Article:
With China’s growth slowing, India wants to be Africa’s new sweetheart

India has continued to take advantage of China’s slowing economic growth to improve economic relationships around the world as it moves towards becoming the new driver of the global economy. Now, the focus has turned to Africa, to which Prime Minister Narendra Modi has pitched partnership of prosperity backed by a $10.6 billion credit.

“India and Africa must rise together,” Modi told African heads of state attending a summit in New Delhi on Thursday. He asked that his country and Africa cooperate to combat climate change and terrorism, boost maritime security, and reform international institutions including the United Nations Security Council.

India’s doubling of its development assistance to Africa, comes as the South Asian country seeks to strengthen its foothold in Africa, a region where trade and investments have trailed China’s despite ancient economic ties. While Modi said India- Africa trade has more than doubled to $70 billion in about a decade, that’s less than half what China achieved in the four years to 2014. But with China’s sluggish growth expected to continue in 2016, India is ready to cash in.

India-Africa forum, New Delhi, India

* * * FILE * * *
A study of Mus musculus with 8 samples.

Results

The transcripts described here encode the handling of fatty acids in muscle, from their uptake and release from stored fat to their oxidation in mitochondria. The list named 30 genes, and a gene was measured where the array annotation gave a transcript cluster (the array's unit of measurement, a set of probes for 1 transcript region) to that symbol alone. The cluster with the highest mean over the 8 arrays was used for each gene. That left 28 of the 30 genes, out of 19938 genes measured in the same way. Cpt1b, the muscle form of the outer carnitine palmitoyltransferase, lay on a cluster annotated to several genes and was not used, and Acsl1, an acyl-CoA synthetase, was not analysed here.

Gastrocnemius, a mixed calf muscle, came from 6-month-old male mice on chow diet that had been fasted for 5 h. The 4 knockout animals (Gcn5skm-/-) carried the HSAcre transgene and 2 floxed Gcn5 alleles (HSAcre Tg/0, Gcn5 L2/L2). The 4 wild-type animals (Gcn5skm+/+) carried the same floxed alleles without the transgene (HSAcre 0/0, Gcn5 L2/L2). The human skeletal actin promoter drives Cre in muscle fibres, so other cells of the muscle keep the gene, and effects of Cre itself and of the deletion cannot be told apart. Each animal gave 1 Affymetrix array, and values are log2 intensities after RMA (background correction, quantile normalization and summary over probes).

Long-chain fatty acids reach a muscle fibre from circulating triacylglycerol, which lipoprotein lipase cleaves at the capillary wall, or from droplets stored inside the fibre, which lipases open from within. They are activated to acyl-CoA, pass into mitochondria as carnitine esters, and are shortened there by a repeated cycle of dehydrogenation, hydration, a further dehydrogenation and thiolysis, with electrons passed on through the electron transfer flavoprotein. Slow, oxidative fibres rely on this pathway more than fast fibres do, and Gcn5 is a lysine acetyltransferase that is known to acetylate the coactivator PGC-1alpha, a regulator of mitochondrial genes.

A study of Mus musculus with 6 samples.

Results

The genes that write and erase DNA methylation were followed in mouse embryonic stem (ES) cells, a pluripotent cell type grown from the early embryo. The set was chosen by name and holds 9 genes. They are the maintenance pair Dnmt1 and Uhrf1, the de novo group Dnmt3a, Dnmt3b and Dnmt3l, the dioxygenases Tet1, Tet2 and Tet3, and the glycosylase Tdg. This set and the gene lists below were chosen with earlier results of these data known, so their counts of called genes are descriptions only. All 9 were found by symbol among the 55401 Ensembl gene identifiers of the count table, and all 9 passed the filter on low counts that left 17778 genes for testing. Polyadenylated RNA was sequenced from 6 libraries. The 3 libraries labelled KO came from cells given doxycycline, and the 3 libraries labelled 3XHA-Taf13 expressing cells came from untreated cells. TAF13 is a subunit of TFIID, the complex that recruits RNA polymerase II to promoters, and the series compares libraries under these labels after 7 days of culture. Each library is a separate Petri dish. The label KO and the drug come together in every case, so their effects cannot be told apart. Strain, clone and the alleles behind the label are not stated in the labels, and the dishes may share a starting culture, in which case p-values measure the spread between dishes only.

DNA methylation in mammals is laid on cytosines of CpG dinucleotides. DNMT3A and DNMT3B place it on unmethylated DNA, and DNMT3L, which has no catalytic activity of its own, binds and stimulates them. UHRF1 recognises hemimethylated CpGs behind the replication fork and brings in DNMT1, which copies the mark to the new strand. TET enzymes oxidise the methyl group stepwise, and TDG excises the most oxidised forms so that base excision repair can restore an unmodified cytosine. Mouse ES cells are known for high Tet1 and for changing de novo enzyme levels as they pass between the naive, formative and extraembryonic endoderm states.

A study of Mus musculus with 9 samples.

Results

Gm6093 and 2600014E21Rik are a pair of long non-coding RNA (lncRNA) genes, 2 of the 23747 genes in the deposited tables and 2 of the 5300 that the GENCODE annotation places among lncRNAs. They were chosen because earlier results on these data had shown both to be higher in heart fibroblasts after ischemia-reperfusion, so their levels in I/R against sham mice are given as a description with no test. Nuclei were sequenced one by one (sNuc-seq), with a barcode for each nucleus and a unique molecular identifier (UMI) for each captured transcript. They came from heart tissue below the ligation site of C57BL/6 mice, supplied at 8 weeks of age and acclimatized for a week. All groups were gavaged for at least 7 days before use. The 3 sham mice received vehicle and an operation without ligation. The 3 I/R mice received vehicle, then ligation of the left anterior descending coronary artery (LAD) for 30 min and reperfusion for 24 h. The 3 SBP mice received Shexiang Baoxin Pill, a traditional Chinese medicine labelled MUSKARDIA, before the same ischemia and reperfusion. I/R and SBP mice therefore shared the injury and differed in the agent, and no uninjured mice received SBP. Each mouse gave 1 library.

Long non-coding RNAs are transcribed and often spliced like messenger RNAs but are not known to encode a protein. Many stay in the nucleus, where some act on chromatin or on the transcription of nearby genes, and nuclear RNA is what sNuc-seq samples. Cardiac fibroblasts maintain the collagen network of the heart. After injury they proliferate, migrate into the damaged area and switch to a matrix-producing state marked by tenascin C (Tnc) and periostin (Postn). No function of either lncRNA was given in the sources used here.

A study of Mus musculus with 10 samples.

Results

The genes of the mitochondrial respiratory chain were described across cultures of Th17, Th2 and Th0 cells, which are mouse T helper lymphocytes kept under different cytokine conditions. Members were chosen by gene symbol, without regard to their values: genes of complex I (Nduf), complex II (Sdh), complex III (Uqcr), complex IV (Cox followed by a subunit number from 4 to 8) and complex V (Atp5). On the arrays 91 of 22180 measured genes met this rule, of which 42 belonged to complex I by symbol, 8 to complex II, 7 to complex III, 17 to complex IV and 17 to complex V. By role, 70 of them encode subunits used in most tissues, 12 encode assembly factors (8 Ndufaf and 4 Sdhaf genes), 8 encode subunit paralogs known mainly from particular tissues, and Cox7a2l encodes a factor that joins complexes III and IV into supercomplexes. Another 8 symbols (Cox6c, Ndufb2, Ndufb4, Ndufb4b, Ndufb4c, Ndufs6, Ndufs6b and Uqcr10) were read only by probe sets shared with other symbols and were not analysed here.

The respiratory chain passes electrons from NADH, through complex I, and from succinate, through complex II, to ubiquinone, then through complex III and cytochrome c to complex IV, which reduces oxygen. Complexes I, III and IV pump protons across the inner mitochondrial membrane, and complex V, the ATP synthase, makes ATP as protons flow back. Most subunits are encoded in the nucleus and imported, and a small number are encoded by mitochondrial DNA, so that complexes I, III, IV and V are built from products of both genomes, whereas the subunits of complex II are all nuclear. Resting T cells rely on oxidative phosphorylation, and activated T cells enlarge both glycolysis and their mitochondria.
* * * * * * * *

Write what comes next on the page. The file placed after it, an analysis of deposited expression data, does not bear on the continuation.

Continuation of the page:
India’s Prime Minister Narendra Modi (Center-R-in white attire) and Foreign Minister Sushma Swaraj (L-orange sari) pose with their counterparts from African countries during the Inaugural Session of the India-Africa Forum Summit in New Delhi, India, October 29, 2015. REUTERS/Adnan Abidi

The aid would comprise $10 billion of concessional credit over the next five years, as well as $600 million in grants to fund an India-Africa development fund, health fund, and 50,000 scholarships. Those are new commitments, Modi said, in addition to the $8.6 billion program in loans and aid that India has pledged since 2008.

“No one has done less to contribute to global warming than India and Africa — no one can be more conscious of climate change than Indians and Africans,” Modi said as he invited African nations to join a global solar alliance he plans to launch in Paris on November 30 to compel rich nations to provide money and cheap technology to developing countries.